Altamont Landfill Open Space Advisory Committee will continue refining a list of properties to be used as a tool for the committee to work with in granting funds.
The Committee will meet March 22 at Dublin city hall at 12:30 p.m.
Also on the agenda is a letter in support of SB767, a measure that would allow the state to sell the Carnegie State Vehicular Recreation Area (SVRA) Alameda-Tesla Expansion Area for conservation purposes.
Senator Steve Glazer introduced the measure. It was co-authored by Assemblymember Rebecca Bauer-Kahan.
The discussion of project, “Prioritizing Land Conservation in Eastern Alameda County,” to establish priority lists and fund allocations will be led by Van Butsic and Diana Moanga, U.C. Berkeley.
They will bring back a refined presentation of data collected at a workshop.
Money for the acquisition of open space lands in eastern Alameda County is available as a result of a legal settlement in connection with expansion of the Altamont Landfill.
The final list will be consistent with the Settlement Agreement that has the first priority properties having significant value for preservation of native biological diversity and/or wildlife habitat. Second priority is given to properties providing significant value for visual character and/or non-motorized recreation.
The Altamont Landfill Open Space Committee, composed of representatives from Alameda County, the City of Livermore, the City of Pleasanton, and the Sierra Club, recommends to the cities which properties should receive funding.
One area of interest has been the Tesla expansion area.
Current state plans would add 3,100 acres in the Tesla area to the 1575-acre Carnegie Off-Road Vehicle Park. Both sites are owned by the State. The General Plan and Environmental Impact Report (EIR) for Carnegie SVRA were approved. Lawsuits have been filed challenging the decisions.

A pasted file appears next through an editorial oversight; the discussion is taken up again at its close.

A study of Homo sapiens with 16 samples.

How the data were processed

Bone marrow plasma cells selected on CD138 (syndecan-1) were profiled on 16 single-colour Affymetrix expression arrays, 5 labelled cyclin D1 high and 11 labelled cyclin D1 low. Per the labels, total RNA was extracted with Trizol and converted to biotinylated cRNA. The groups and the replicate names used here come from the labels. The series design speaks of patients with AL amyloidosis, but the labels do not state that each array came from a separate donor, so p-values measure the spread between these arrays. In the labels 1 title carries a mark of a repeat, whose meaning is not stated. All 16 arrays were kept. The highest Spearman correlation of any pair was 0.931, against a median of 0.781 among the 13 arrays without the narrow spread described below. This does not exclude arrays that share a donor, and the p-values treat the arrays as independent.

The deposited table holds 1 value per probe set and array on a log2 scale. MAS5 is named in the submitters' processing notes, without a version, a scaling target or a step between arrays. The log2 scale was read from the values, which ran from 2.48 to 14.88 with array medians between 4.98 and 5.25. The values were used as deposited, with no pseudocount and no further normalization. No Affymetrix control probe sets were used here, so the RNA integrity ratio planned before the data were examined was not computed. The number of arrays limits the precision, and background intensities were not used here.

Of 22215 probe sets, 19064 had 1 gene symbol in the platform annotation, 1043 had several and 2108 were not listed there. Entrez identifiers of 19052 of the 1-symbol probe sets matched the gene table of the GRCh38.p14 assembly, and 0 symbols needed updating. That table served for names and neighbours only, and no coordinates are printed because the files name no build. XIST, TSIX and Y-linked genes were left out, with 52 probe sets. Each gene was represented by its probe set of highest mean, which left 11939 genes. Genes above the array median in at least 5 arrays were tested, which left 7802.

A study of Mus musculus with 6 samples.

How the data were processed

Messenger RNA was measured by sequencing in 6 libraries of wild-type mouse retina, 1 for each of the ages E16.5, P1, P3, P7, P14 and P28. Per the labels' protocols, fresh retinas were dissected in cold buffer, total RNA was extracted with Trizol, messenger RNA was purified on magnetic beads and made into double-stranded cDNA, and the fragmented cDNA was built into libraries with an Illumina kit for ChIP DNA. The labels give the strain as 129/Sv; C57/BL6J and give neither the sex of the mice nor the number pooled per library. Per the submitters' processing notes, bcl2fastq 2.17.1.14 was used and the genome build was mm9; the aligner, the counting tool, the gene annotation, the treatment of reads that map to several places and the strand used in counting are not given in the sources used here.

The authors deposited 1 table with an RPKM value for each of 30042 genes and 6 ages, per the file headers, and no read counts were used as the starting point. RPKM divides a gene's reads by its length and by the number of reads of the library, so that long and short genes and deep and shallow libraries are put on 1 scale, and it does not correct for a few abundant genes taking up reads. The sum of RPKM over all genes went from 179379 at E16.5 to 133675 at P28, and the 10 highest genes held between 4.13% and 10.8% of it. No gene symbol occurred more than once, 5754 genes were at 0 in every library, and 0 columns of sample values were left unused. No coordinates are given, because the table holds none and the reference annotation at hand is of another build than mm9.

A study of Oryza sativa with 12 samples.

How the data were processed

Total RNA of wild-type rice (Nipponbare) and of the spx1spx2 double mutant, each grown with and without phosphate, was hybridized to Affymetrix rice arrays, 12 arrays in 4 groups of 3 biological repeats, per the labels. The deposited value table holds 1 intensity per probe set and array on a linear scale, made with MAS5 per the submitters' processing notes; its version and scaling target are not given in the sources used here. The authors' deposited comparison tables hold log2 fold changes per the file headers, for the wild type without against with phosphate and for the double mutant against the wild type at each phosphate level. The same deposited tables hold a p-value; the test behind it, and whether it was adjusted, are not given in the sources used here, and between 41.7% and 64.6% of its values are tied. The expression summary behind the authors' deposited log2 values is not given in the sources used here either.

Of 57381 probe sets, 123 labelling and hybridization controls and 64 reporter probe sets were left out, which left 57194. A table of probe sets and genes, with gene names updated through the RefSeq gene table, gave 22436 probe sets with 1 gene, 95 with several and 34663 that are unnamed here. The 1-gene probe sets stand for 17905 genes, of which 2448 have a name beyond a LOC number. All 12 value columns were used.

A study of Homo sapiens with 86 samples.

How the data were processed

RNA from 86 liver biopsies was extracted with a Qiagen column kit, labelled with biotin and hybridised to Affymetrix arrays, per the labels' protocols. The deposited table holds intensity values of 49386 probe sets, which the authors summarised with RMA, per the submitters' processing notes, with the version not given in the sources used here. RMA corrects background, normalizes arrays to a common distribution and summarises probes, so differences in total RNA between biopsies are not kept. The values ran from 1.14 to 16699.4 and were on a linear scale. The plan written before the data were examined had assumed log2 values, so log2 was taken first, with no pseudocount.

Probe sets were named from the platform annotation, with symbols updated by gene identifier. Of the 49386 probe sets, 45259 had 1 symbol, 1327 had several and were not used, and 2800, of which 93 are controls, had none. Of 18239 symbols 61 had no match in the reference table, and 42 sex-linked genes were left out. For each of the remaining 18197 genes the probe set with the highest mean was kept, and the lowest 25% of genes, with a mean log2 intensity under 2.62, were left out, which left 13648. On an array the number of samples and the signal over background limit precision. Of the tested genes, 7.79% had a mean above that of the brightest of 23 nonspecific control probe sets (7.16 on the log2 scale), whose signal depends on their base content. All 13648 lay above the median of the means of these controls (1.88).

The committee will consider sending a letter to Senator Henry Stern, Chair Senate Committee on Natural Resources and Water and Senator Bill Dodd, Chair Senate Committee on Governmental Organization.
The letter notes, "The Altamont Landfill Open Space Committee is writing to state our strong, unanimous support for SB 767 as written."
The bill would allow the State Department of General Services to sell for conservation purposes the Tesla Expansion Area if the Department of Parks and Recreation determines it to be in the public interest. Proceeds from any such sale would then be returned to the Off- Highway Motor Vehicle Recreation (OHMVR) Division Trust Fund.
The letter points out, "The Expansion Area has never been opened to off- highway vehicle use and scientific studies have long documented the rare ecological value of the area. The Expansion Area contains an abundance of highly sensitive natural resources and unique biodiversity, including numerous threatened, endangered and listed species, designated critical habitats, unusual vegetation assemblages, and a critical linkage habitat corridor for the Diablo Range.
"The Open Space Fund has sufficient money on hand for purchase of the Alameda-Tesla Expansion Area property.
"The Altamont Landfill Open Space Committee strongly urges your committees to pass SB 767, which would enable the Department of Parks and Recreation to make a determination that disposal of the land is in the public interest."